DNF: Voyager by Diana Gabaldon

WARNING: This post has spoilers.


ANOTHER WARNING: This post discusses sexual assault and rape. Told you it contained spoilers.


There I was, cooking dinner, happily listening to Davina Porter read Diana Gabaldon’s Voyager, the third book in the Outlander series, when this happens:

“Stop it! It’s too big! Take it out!” Panicked, Geneva thrashed beneath him. Pressed beneath his chest, her breasts wobbled and rubbed, so that his own nipples leapt erect in pinpoints of abrupt sensation.

Her struggles were accomplishing by force what he had tried to do with gentleness. Half-dazed, he fought to keep her under him, while groping madly for something to say to calm her.

“But—” he said.

“Stop it!”

“I—”

“Take it out!” she screamed.

He clapped one hand over her mouth and said the only coherent thing he could think of.

“No,” he said definitely, and shoved.

What might have been a scream emerged through his fingers as a strangled “Eep!” Geneva’s eyes were huge and round, but dry.

In for a penny, in for a pound. The saying drifted absurdly through his head, leaving nothing in its wake but a jumble of incoherent alarms and a marked feeling of terrible urgency down beween them. There was precisely one thing he was capable of doing at this point, and he did it, his body ruthlessly usurping control as it moved into the rhythm of its inexorable pagan joy.

As I listened to this scene play out, I stopped everything and just stared at my phone (the device I was listening to the audiobook on). My brain: “Gabaldon wouldn’t make Jaime rape someone, right? Right?! Any second now this will stop. Right?! She’s told him to stop twice now, surely he’ll at least slow down? Right?!?!” Nope. Jaime rapes her.

Confession time: I didn’t listen to another word of the book. I did read a bunch of spoilers and it sounds like the woman he raped was pretty ok with it (as in morning-after-confession-of-love ok) and the book doesn’t seem to treat the incident as an act of rape. I hope this impression is wrong (and welcome corrections) but I cannot bring myself to spend anymore time with this book so I’m relying on the Internet. I know this is highly problematic because a) it’s the Internet and b) judging a larger work based on one problematic scene or phrase is the MO of so many book challenges. That’s why I want to make it clear that what follows is not a review of the book; it’s not meant to encourage or discourage anyone else from reading these books; and it’s not a judgment on anyone who read this book and feels differently than I do about this scene. It’s my attempt at understand why my brain burst into flames of rage and I nearly threw my phone across the room.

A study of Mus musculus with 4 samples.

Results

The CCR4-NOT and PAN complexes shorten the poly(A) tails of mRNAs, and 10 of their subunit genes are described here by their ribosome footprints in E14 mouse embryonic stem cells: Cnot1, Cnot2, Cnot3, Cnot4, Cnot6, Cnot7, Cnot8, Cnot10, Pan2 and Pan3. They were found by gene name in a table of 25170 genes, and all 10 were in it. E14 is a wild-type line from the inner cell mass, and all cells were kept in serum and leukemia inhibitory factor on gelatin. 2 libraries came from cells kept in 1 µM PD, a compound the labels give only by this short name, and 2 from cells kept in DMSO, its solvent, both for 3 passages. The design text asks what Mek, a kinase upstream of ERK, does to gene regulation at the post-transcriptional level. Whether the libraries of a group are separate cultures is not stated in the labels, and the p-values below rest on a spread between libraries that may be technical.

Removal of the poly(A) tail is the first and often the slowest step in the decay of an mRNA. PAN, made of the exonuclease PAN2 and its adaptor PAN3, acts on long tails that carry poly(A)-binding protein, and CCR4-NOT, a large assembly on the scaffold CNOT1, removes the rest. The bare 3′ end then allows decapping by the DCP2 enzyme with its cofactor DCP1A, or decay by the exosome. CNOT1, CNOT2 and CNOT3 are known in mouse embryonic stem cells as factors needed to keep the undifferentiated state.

While I am extremely uncomfortable with the way rape is used in so many works of fiction, I have never been made so angry that I quit something I was enjoying. Game of Thrones (show not books) has sorely tempted me, but I keep watching. I’m not sure what this says about me as a woman or a feminist, but there it is. But this…this…

There are a lot of extenuating circumstances one might point to in order to explain or justify this rape:

  • Jaime’s consent was dubious at best. He was coerced into sex in the first place, blackmailed by a stupid girl who threatened his family.
  • Her consent was whole-heartedly given. She was desperate for him to deflower her to the point of aforementioned blackmail. Also, she’s kind of the awful.
  • The idea that consent can be withdrawn at any time is a modern one, and no one in this period would have considered this rape.
  • The book was published in 1993, mere years after the 80s heyday of the rapist hero in romance.

I’m sure there are more, but these are the ones that popped into my mind as I tried to figure out why I was so mad and whether it was justified. Mileage varies with these justification, but if I’m being honest, I’ve used similar arguments to understand why other rapes didn’t bother me. So what gives?

It hit me that the key is in that last justification: published in 1993, Voyager is just recycling some slightly out-of-date romance tropes about male sexuality. Diana Gabaldon says Outlander isn’t romance? Sure, it’s also an adventure tale, historical fiction, fantasy. Sure, Jaime isn’t the stereotypical 80s alpha romance rapist hero; he’s sensitive, respectful of women, a generous lover, etc. Sure, Claire isn’t the typical retro heroine: she’s strong, willful, and aggressive.

But Gabaldon is writing a story focused on a romantic relationship that will presumably end happily. It’s romance. She’s created a hero seemingly designed to make readers swoon at how dreamy he is. And then this… I can’t read the above and not come to the conclusion that I am being told that Jaime raped her because his lust was so powerful, so out of his control, there was no way he could have stopped having sex with her, even as she screams and struggles beneath him. That as good and kind as Jaime is, inside him lurk uncontrollable urges that can overpower his reason and sense of right. That this doesn’t make him bad; it just makes a man. Boys will be boys.

So, I suppose what happened is it took me  two and a half books to realize that Gabaldon has written a romance novel that is still steeped in ideas about male sexuality that I have exactly zero time for. I don’t have time for rapist romance heroes from the 80s; I don’t have time for many of the alpha males found in some recenr romance; and I don’t have time for James Alexander Malcolm MacKenzie Fraser’s “inexorable pagan joy.”